The first trailer for Netflix’s American adaptation of Death Note has finally been released online. Originally a manga written by Tsugumi Ohba in 2003, the series focuses on Light Yagami who happens across a Death Note. Though it appears to be an ordinary looking notebook or journal, the Death Note grants the owner the power to kill people by writing their name in its pages. While there are several rules within the Death Note that must be abided by, the owner can ultimately use it at their own discretion. For Light, he takes on the persona of Kira, his murderous alias who kills criminals and anyone else who stands in his way.
The trailer doesn’t reveal much, but it certainly sets the tone that is to be expected. The shot of people jumping off a building is appropriately chilling, and the silhouette of Ryuk is appropriately goose bump inducing . For those unfamiliar with the character, Ryuk is a Shinigami, which is basically a type of grim reaper in Japanese mythology, and acts as an impartial observer to the current owner of a Death Note. The trailer also features some Seattle, WA landmarks, which could serve as refreshing locale for the adaptation.
The series is being directed by Adam Wingard (The Guest, Blair Witch) and stars Nat Wolf as Light, Margarett Qualley as Mia, the love interest and ally of Light, and Lakeith Stanfield as L, the master detective who does everything he can to end’s Kira’s rampage. William Defoe also stars as the voice of Ryuk.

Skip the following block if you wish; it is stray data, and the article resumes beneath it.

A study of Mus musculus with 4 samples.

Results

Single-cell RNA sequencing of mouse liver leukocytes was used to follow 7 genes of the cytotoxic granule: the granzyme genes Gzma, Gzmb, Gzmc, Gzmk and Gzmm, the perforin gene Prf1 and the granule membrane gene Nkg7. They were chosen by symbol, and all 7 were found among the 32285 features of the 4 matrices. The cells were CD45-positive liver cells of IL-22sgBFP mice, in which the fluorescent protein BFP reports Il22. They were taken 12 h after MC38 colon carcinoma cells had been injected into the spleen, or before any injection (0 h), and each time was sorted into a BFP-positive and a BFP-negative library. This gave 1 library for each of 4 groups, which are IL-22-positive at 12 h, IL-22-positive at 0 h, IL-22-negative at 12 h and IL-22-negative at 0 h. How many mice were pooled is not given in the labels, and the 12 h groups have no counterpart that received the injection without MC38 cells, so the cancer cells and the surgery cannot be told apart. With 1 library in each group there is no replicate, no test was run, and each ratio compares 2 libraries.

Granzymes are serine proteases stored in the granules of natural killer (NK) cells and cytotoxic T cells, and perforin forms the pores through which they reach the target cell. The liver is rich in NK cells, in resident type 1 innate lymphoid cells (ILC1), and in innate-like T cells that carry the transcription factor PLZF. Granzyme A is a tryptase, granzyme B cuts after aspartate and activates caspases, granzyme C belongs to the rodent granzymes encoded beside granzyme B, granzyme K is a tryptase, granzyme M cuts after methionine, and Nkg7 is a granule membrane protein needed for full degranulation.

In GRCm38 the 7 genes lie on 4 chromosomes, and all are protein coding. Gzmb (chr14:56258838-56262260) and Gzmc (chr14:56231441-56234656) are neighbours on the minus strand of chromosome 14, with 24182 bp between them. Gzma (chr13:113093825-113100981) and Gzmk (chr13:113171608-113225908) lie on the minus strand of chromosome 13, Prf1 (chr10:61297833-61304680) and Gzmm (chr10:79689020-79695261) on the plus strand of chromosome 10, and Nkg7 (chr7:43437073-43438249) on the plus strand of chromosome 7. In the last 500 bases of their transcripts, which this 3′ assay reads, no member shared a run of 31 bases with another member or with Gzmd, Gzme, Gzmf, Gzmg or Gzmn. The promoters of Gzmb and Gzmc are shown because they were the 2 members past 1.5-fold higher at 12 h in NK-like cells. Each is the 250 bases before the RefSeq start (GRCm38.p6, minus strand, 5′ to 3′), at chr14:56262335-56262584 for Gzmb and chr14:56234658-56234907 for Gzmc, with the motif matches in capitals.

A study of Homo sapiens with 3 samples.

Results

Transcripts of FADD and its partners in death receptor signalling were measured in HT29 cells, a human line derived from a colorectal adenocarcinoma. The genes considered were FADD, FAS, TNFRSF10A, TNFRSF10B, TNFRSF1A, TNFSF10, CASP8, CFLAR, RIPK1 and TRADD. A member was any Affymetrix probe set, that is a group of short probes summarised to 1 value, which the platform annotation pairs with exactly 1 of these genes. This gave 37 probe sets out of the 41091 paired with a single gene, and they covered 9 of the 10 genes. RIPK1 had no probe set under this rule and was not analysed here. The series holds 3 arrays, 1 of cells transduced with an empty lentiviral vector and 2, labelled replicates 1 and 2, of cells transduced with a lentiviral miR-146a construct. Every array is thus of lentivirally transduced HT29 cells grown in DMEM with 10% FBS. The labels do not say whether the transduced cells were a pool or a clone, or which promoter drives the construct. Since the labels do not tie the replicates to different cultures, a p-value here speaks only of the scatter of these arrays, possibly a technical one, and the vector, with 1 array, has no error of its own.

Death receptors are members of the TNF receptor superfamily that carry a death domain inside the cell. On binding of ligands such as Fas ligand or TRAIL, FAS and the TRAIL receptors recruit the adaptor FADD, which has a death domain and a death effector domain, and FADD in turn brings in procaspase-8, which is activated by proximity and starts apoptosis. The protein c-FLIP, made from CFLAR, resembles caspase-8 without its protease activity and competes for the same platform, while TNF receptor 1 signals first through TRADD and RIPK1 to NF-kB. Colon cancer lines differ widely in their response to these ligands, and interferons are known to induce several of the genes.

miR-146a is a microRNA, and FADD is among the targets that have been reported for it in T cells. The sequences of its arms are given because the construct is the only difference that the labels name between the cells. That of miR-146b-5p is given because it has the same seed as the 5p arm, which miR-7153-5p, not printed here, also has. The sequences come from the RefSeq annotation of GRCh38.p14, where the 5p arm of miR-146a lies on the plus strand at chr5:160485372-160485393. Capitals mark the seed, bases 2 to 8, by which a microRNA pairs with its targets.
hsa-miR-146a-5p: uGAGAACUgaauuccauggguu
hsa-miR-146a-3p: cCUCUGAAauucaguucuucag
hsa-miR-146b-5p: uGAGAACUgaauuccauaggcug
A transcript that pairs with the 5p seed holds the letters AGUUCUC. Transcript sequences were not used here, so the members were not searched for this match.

Remakes often get a lot of flack, but this is truly one of the series that has so much room to expand.With the original series incorporating so much from Japanese and other Eastern mythologies, a lot can be lost in direct English translations of the source material. Additionally, having watched the series, I noticed that the English voice work did not always match the English subtitles. This left me wondering if the two English versions did not match, how different is the original Japanese dialogue? With the translation issue out of the way, this adaptation can hopefully provide a greater sense of focus and clarity for viewers unfamiliar with the material.
The translations aside, the premise alone is so bone chilling, and it begs to be adapted every few years. The characters are iconic and certainly can translate to different countries and cultures. There are quite a few scenes in the original series that really heighten the cat and mouse game of Light vs. L. However, I would have no problem if this iteration drops all of them completely in lieu of something truly unique. In a time where anti-heroes and villainous protagonists are a genre within themselves, now is the perfect time for this series. If Netflix’s Death Note can make me root for and against a sadistic character like Light, then it has a great chance for success.
Death Note arrives on Netflix, August 25, 2017. I may just watch it on my phone, which will be inside a potato chip bag, and then, nonchalantly, I will take a potato chip…and eat it!